First Big Bore Sixguns — Part 2

Smith & Wesson Continued
original barrel length and shorter lengths.

Original S&W Double-Action and Single Action .44s.

NEW MODEL #3 — In 1956, my neighbor who was in his 30s, I was 17, also loved single-action sixguns with his favorite being a 7 ½” custom Colt Single Action from the early 1900s. It had been re-barreled and re-cylindered to .44 Special and fitted with a grip frame from the Colt 1860 Army. I found the old Colt fascinating but what really captured my imagination was not the Colt sixgun but his other single-action, a .44 Russian made by Smith & Wesson. It did not take much examination even for my youthful eyes and fingers to discover what a beautifully crafted sixgun the Smith & Wesson .44 Russian really was.

My friend’s .44 Russian was a New Model #3, the third sixgun in the lineup of the .44 Smith & Wesson big-bore top-break single-actions. After seeing this beautiful Smith & Wesson, I began to watch to see if anyone actually carried a Smith & Wesson single action in the movies or on television. I have been watching ever since and they are very few and far between. The first one I noticed being used by Robert Culp as Texas Ranger Hoby Gilman in the TV series Trackdown. Culp must have really liked the Smith & Wesson as he also used one in the movie Hannie Caulder.

The Smith & Wesson New Model #3 is my favorite of all the Smith & Wesson single-actions. It was a sixgun way ahead of its time. It is so precisely fitted it demands smokeless powder for perfect functioning. However, all of the frames of these guns were built in the black powder era and should only be used with black powder. The machining and tolerances used in their manufacture were so precise they are easily fouled and work very sluggishly after very few rounds of black powder loads. The only answer is to keep them clean.

THE .45 SCHOFIELD — Col. Schofield, later Major Schofield, redesigned the latch on the Smith & Wesson, placing it on the frame. Now one only had to press with the thumb of the shooting hand to unlatch the barrel, which could then be pressed against the leg or any other stationary object and pushed open. The cartridges were still ejected simultaneously and once the cylinder was loaded, the barrel could be moved up and latched into place. The operation was now simplified so it was time to change the cartridge and that’s when trouble began.

the Smith & Wesson single action.

All Smith & Wesson models, whether double-action or
single-action, featured a barrel/cylinder that allowed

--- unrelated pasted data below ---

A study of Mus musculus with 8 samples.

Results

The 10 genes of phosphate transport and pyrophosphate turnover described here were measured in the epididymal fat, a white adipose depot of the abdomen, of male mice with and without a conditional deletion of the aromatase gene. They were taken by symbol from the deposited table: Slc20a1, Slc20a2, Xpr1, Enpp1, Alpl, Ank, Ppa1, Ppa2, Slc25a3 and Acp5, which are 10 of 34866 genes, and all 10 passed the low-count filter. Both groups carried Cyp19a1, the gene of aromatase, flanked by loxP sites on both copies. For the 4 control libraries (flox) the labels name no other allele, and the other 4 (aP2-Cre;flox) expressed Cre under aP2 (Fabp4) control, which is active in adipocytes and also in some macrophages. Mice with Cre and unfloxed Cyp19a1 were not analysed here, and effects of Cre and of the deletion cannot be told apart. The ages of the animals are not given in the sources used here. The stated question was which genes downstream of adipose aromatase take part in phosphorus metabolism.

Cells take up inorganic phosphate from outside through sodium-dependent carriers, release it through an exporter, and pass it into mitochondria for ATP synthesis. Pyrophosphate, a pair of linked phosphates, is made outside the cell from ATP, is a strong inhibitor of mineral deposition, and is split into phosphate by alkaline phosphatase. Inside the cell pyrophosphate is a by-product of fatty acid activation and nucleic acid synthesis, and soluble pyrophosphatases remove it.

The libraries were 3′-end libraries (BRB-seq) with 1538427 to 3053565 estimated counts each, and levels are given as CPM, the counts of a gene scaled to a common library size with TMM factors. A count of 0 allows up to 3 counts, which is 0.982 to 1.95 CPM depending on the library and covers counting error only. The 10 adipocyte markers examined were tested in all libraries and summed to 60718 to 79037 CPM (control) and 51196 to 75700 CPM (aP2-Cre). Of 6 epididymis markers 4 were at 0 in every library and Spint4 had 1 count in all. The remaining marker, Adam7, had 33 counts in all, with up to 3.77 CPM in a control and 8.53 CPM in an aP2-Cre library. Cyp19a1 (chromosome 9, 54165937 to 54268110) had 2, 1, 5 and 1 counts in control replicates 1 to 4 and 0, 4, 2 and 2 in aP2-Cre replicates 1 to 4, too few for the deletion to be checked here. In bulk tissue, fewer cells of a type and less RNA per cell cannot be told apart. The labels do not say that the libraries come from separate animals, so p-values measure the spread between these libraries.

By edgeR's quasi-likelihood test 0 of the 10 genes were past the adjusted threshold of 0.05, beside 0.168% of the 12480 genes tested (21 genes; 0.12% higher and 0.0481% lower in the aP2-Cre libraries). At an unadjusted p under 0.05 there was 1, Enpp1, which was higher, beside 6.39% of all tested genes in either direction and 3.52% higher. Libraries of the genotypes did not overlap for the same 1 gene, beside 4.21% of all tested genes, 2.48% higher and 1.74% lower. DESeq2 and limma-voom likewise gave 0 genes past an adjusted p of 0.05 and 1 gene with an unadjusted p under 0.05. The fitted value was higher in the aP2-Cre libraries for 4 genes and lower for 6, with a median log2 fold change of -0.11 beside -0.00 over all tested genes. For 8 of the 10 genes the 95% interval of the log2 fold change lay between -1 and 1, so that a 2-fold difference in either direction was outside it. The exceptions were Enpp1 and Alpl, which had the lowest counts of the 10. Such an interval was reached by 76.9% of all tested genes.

simultaneous ejection of fired cartridges.

The .45 Colt used a cartridge case, which was 1.28″ in length; this was too long for use in the shorter cylinder of the Smith & Wesson American/Russian. The obvious solution would be to lengthen the frame and cylinder of the Smith & Wesson. Instead, the cartridge case was shortened to 1.10″ in length and the .45 Smith & Wesson, also known as the .45 Schofield, arrived. One doesn’t have to be too smart to see a problem on the horizon. The military, which had already purchased 23,000 Colt Single Actions, now ordered 3,000 Schofield Models in 1875 followed by 5,000 more shortly thereafter, along with a large supply of the new .45 cartridge. It didn’t take long for units to be supplied with .45 Schofield sixguns and .45 Colt ammunition that would not fit and Colt Single Action Armies with .45 Schofield ammunition that would work. It didn’t take long for the military to give up on the Schofield and stick with the .45 Colt.

Production of Smith & Wesson big-bore single-action revolvers lasted from 1870 to 1912 with four basic models: The American (1870-1874), Russian (1873-1878), Schofield (1875-1877) and New Model Three (1878-1912). The Americans were made in .44 S&W American, a few in .44 Rimfire, and of course the Russian contract guns in .44 Russian; the Schofields only in .45 S&W; and the Russians only in .44 Russian, except for a few chambered in .44 Rimfire. For the most part the New Model #3s were .44 Russians with a few scattered among 16 other calibers from .32 S&W up to .455 Mark II.

After nearly a century without big-bore Smith & Wesson single-actions, we now have access to all four iterations of the Smith & Wesson Model #3 sixguns including many that never really existed originally.